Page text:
We arrived in Fenny Stratford with five minutes to spare for the midday firing of the Fenny Poppers. As we walked down the path that leads to the Leon Recreation Ground we passed a semi-derelict chapel with gothic spire, surrounding this were many tombstones which have toppled over, or been capsized by the elements. A small tent adjacent to the gap in the hedge which leads to the Leon Recreation Ground was keeping the Poppers dry, as well as the wooden tools needed to ram them with Pyrodex powder.
In a small clearing surrounded by cordening tape was a burning brazier, protruding from which was a long metal pole. The Poppers were being placed firmly into the soil, and a small huddle of people (including the vicar) stood about them talking whilst adjusting ear defenders, hats, coats, and gloves. Beyond the corden was a small assembled group of children and older people. At exactly midday, a man wearing high visibility clothing withdrew the pole from the brazier and proceeded forward to touch it to the side of the first buried Popper. There was a short fizzing flash followed by a tremendous explosion and a lot of smoke. The red hot pole was passed rapidly down the chain of people, each firing off a Popper in turn. The whole event lasted no longer than a minute, leaving a large cloud of smoke, a terrified dog, and a small group of happy but shell shocked onlookers.
We spent the rest of the short time we had in Fenny Stratford listening to tales of near misses, accidental fireballs, churchyard subsidances and the consequences of overstuffing the Poppers with black powder...
Between 1724 and 1730, Browne Willis built St. Maragaret's Church on the site of the old Chantry Chapel of St. Margaret and St. Catherine in Fenny Stratford, Buckinghamshire. The church was erected to the memory of his grandfather Dr. Thomas Willis a noted physician, who lived in St. Martin's Lane, in the parish of St. Martin-in-the-Fields, London, and who died on St. Martin's Day (11th November) in 1675.
To perpertually honour the memory of his Grandfather, Browne Willis paid for a sermon to be preached at St. Martin's Church every St. Martin's Day. This would be followed by a dinner to which local gentry and clergy would be invited.
An inscription in the Church reads:
In honour to thy memory;
Was the Foundation of
this Chapell laid;
Purchased by Thee – Thy Son
and Present Heir,
Over these Three Mannours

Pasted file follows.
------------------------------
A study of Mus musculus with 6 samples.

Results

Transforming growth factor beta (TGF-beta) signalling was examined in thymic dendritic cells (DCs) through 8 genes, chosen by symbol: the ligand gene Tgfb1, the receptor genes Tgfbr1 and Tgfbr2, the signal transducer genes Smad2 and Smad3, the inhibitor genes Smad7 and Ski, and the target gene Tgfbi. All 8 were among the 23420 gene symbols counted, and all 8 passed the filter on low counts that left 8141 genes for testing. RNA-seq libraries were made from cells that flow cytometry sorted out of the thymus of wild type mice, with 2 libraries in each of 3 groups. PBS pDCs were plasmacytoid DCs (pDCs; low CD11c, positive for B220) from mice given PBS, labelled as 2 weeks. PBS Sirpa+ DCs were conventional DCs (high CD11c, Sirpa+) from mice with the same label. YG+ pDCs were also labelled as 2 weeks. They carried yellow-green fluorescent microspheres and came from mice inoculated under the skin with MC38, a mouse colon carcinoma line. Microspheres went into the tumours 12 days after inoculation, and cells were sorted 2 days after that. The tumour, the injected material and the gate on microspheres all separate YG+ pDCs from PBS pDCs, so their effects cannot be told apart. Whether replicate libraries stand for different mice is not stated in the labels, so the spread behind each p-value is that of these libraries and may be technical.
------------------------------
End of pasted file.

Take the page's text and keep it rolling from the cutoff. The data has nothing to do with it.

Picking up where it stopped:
to Thy Art and Care:
For this – may all Thy Race
Thanks ever pay,
And Yearly Celebrate
Saint Martin's Day.
It is believed that the Fenny Poppers were also fired at this time as part of this honourarium, although there is no formal record of their use.
The Fenny Poppers are six tankard shaped gun metal castings with handles. Each weighs nineteen pounds. The bore is loaded with Pyrodex (a gunpowder substitute) and plugged with newspaper which is rammed dow using a wooden pole (formerly a chair leg) to prevent accidental sparks. The Popper is detonated with a firing rod touched to a sliver of wood which protudes from a small aperture at the side.
Although the date they were first used is not known, tradition has it that the Poppers were presented to the town by Browne Willis from his collection of antiquities. In 1740 he purchased a house in the town, the rent from which was used to pay for the sermon and gunpowder for the Poppers. Following his death in 1760, the traditions were carried on and were documented in print. The Poppers have been fired in various locations: St. Martin's Churchyard, Canal Wharf, and St. Martin's Hall. They are now fired at the Leon Recreation Ground which was once consecrated Church land.
In 1856 the original Poppers were fired for the last time, as in that year one of them burst and partially destroyed the roof of the Bull Inn. Following this (and another incident were the Church clock face was partially destroyed) the Poppers were recast using one of the originals. This was done at the Eagle Foundry in Northampton in 1859. These casts are still in use today and are examined regularly to ensure their safety.
From a forthcoming work 'Twelvemonth'. Twelve films which document traditional English customs and ceremonies with Adam Asnan.